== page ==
Letters: Tea Party, Companies' Cash Reserves Michele Norris and Robert Siegel read from listener emails about a story on the Tea Party's belief that the Obama administration and Democrats are subverting the Constitution and an interview with Steven Pearlstein about how companies are sitting on cash reserves.


Letters: Tea Party, Companies' Cash Reserves


Some of your letters about yesterday's program in a minute, but first, we made a mistake.

ROBERT SIEGEL, host:

Yesterday, we read a listener comment about director Roman Polanski and attributed that comment to one Mike Vendel(ph) of Chicago. Well, Mr. Vendel wrote back to us, saying that wasn't his letter. Not a big deal, he says, but hopefully, it was a slight mistake and not a more systematic error.

NORRIS: Well, by way of explanation, this was a human error: Plain and simple, we mixed up the names. The comments actually belong to Joanne Marbut of Ypsilanti, Michigan, who also alerted us to our error. Ms. Marbut and Mr. Vendel, we apologize, and we thank you for listening and for correcting us.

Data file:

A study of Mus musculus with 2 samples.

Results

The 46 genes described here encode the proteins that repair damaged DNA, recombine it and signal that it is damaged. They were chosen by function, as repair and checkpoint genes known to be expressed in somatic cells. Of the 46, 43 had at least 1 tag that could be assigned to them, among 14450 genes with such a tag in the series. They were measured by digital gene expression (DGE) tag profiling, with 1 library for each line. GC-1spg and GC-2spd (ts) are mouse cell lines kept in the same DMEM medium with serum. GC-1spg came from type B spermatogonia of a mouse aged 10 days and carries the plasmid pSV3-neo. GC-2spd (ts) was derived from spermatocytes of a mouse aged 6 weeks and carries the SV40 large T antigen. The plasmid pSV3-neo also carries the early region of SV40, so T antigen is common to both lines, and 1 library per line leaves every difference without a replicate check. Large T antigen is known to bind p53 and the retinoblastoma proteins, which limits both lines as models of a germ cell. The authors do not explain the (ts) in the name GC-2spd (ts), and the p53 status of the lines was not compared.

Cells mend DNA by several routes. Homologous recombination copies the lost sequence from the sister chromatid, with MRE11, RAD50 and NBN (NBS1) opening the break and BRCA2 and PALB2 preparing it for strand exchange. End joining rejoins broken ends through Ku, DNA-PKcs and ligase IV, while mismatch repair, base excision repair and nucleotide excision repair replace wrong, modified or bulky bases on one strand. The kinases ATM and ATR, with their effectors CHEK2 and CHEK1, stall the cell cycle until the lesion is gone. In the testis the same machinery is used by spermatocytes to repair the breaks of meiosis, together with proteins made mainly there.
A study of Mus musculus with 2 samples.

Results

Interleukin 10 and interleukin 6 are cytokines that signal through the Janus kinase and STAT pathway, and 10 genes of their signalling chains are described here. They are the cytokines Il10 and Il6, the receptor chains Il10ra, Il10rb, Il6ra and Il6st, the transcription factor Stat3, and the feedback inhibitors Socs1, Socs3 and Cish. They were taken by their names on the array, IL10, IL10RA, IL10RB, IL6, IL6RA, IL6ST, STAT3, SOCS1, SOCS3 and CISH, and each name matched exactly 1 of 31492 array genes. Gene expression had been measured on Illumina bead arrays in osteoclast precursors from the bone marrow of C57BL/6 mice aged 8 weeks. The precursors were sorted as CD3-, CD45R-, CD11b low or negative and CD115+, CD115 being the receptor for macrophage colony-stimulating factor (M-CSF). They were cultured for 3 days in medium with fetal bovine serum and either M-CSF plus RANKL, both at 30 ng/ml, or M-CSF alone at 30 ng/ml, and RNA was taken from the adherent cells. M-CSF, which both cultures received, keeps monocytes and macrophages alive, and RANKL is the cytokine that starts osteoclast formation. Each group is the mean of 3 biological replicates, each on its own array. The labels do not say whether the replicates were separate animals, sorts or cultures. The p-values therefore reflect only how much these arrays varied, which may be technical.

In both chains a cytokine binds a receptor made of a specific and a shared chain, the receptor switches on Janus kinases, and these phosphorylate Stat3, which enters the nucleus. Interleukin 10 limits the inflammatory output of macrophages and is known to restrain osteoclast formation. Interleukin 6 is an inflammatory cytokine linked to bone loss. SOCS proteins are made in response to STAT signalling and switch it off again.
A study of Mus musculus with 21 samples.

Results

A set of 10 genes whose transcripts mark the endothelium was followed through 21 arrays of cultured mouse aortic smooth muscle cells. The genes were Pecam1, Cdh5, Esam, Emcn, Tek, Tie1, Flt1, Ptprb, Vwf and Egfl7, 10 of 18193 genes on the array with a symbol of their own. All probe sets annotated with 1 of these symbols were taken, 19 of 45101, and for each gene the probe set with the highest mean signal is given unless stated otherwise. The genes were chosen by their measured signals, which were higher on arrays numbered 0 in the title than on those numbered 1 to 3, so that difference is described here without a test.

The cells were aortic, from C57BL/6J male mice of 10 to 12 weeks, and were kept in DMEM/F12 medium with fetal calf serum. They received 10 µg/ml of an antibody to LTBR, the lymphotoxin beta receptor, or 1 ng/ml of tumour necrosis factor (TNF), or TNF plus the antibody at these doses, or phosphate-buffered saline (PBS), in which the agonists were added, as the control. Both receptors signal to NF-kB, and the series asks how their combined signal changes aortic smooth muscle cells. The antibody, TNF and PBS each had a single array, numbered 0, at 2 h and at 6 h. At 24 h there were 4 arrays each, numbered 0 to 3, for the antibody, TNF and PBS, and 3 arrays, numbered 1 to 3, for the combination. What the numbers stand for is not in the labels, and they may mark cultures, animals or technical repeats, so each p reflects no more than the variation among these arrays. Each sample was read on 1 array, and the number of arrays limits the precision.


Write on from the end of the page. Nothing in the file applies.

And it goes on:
SIEGEL: And now your letters about yesterday's program. Many of you wrote about our story on Tea Party supporters and their belief that the Obama administration and the Democratic Congress are subverting the Constitution.

Well, Peter Lury(ph) of Richmond, Virginia, writes: One interviewee proudly proclaimed she does not study this hallowed document, but it's hard to understand why she claims the Obama administration is eviscerating the Constitution when it's not clear that the small copy she keeps in her purse has ever been read, much less understood.

NORRIS: And David Steigerwald(ph) of Columbus, Ohio, had this to say: I'm struck by the similarities between the Tea Party's concept of the Constitution and the way fundamentalists treat the Bible. Each is considered a sacred text, handed down from God through a handful of prophets and treated as immutable and inviolable. And yet, in both cases, the texts are read very selectively. Bits and pieces are plucked out, always without context, to defend a rigid political position. I'd wager the two groups overlap a lot in membership, as well as mentality.

SIEGEL: Well, keep your comments coming. You can write to us at npr.org. Just click on contact us at the bottom of the page.